Theory on framework issues

Sunday, July 26, 2009

5.11 Rights: appendages of government structures

(Eleventh in series: The interpretation of statutes and the denial of judges' powers.)

If the drift of constitutional construction conforms to the structural blueprint, then what about protective, as opposed to structural, constitutional doctrines? The constitutional blueprint describes much more than government structure, but if checks and balances lies deep within a constitutional blueprint that emphasizes the division of powers between government branches, then civil rights come to comprise an aspect of the structural division of powers. Regardless of "original intent," interpretation will drift toward a structural alignment between rights and governmental branches, exercise of some rights strengthening one branch and diminishing another; the reverse for other rights. Some easy examples: the writ of habeas corpus strengthens the judicial branch and checks the executive branch; procedural due process checks both the executive and judiciary and strengthens the legislature.

Free speech at first blush seems less amenable to a structural interpretation, but the apparent complexity comes from the two separate free-speech components, each playing a different functional role. Restricting free speech means both regulating the viewpoints expressed (content restriction) and regulating the amount of speech allowed (time-place-and-manner restriction). Power's Congressional exercise depends on public opinion, as monolithic swings enhance the legislature's ability to act. Viewpoint discrimination preserves a monolithic public, as is in the legislative interest. Interpreting the First Amendment as primarily against viewpoint discrimination is encouraged by the First Amendment's targeting Congress for its directive: "Congress shall make no law ... abridging the freedom of speech ..." While Congress instinctively favors viewpoint discrimination, Congress naturally opposes restrictions decreasing the quantity of speech. A huge volume of speech nourishes the swings of unified opinion that empower Congress. The threats to speech quantity come primarily from the executive branch, too much speech upsetting administrative quietude.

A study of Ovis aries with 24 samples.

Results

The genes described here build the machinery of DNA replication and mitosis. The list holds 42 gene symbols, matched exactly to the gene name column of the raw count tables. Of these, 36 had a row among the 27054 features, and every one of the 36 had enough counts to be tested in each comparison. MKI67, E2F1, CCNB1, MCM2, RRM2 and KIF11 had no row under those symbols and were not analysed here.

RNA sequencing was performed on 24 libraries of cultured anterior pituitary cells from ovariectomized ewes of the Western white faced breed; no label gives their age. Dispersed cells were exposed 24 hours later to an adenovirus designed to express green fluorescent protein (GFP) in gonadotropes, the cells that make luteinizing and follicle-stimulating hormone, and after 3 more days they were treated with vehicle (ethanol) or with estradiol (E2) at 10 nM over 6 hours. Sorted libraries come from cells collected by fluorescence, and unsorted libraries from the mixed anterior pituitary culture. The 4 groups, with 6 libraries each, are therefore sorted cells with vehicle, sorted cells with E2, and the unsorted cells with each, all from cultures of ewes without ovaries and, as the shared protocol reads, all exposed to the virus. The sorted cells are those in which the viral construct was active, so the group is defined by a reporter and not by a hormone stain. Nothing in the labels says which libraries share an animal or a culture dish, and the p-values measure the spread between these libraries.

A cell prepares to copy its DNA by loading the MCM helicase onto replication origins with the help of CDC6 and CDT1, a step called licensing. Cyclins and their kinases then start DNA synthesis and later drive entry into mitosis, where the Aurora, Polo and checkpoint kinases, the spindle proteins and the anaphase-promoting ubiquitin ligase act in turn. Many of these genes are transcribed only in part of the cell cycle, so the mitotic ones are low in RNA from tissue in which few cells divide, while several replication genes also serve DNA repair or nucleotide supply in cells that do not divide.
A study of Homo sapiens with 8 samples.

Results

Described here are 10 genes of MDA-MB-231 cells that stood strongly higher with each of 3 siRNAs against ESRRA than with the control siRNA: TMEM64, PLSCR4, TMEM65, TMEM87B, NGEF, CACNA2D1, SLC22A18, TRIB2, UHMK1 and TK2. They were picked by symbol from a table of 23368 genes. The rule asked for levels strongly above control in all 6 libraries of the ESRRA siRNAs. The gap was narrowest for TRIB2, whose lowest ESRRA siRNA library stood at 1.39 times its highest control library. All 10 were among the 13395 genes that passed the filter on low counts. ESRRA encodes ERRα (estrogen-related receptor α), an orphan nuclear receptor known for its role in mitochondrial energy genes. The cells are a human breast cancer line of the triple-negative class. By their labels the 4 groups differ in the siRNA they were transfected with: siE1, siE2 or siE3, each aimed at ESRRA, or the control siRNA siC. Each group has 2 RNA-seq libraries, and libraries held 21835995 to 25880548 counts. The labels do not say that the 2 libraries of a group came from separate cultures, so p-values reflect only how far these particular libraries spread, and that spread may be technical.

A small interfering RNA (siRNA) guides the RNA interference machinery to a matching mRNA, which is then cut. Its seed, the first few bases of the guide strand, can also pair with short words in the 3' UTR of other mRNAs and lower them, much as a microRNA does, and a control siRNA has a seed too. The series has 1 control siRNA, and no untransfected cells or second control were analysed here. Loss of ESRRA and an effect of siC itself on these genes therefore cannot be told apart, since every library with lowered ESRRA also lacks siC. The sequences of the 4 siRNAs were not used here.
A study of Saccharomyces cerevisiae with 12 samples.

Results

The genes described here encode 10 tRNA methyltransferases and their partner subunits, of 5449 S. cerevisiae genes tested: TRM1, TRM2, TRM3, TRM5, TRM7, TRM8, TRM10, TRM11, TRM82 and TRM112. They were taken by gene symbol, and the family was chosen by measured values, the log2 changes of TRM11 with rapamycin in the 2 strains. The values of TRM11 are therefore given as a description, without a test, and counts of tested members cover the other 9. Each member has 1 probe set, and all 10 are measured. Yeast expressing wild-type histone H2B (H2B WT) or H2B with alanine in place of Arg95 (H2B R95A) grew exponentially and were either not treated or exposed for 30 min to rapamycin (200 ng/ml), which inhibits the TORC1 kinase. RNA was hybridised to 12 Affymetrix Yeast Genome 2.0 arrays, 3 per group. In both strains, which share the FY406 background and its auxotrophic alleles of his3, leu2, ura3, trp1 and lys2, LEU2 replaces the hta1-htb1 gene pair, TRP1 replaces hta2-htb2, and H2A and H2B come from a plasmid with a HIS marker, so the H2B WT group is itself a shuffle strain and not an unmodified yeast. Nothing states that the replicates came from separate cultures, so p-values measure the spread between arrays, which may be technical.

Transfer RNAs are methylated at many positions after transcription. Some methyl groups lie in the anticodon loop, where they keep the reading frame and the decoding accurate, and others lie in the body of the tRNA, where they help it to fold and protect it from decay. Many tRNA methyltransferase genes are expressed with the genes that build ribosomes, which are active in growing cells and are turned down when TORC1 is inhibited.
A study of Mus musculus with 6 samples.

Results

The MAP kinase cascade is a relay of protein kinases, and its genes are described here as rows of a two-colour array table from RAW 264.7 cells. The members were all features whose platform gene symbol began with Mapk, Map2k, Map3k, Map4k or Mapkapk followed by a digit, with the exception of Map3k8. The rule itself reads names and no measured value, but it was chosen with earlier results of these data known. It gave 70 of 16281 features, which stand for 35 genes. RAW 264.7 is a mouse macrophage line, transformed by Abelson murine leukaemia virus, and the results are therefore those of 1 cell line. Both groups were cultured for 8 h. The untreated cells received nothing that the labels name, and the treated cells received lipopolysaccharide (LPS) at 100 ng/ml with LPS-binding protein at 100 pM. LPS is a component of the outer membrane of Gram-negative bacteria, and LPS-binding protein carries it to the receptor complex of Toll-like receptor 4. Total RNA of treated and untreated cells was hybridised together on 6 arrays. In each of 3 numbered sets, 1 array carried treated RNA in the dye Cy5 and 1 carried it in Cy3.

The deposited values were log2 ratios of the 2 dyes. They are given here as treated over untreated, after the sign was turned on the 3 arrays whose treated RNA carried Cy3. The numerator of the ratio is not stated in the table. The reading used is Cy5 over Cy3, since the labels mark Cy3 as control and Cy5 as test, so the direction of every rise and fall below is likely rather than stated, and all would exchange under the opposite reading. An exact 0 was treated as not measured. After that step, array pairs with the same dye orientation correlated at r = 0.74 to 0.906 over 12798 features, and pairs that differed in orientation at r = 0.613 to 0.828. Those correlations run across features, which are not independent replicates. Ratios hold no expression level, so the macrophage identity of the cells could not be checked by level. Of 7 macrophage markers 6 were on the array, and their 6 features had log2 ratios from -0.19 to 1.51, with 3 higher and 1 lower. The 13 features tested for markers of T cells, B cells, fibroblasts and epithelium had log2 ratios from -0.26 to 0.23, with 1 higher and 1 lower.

A system of checks and balances gives rise to checks nested within other checks, division of the legislature into two houses a high-level example. In smaller grain, the same regulatory system emerges for the exercise of rights themselves, one right checking another. Although First Amendment law isn't cast in the form of a balancing test, the reigning clear-and-present danger test essentially involves balancing.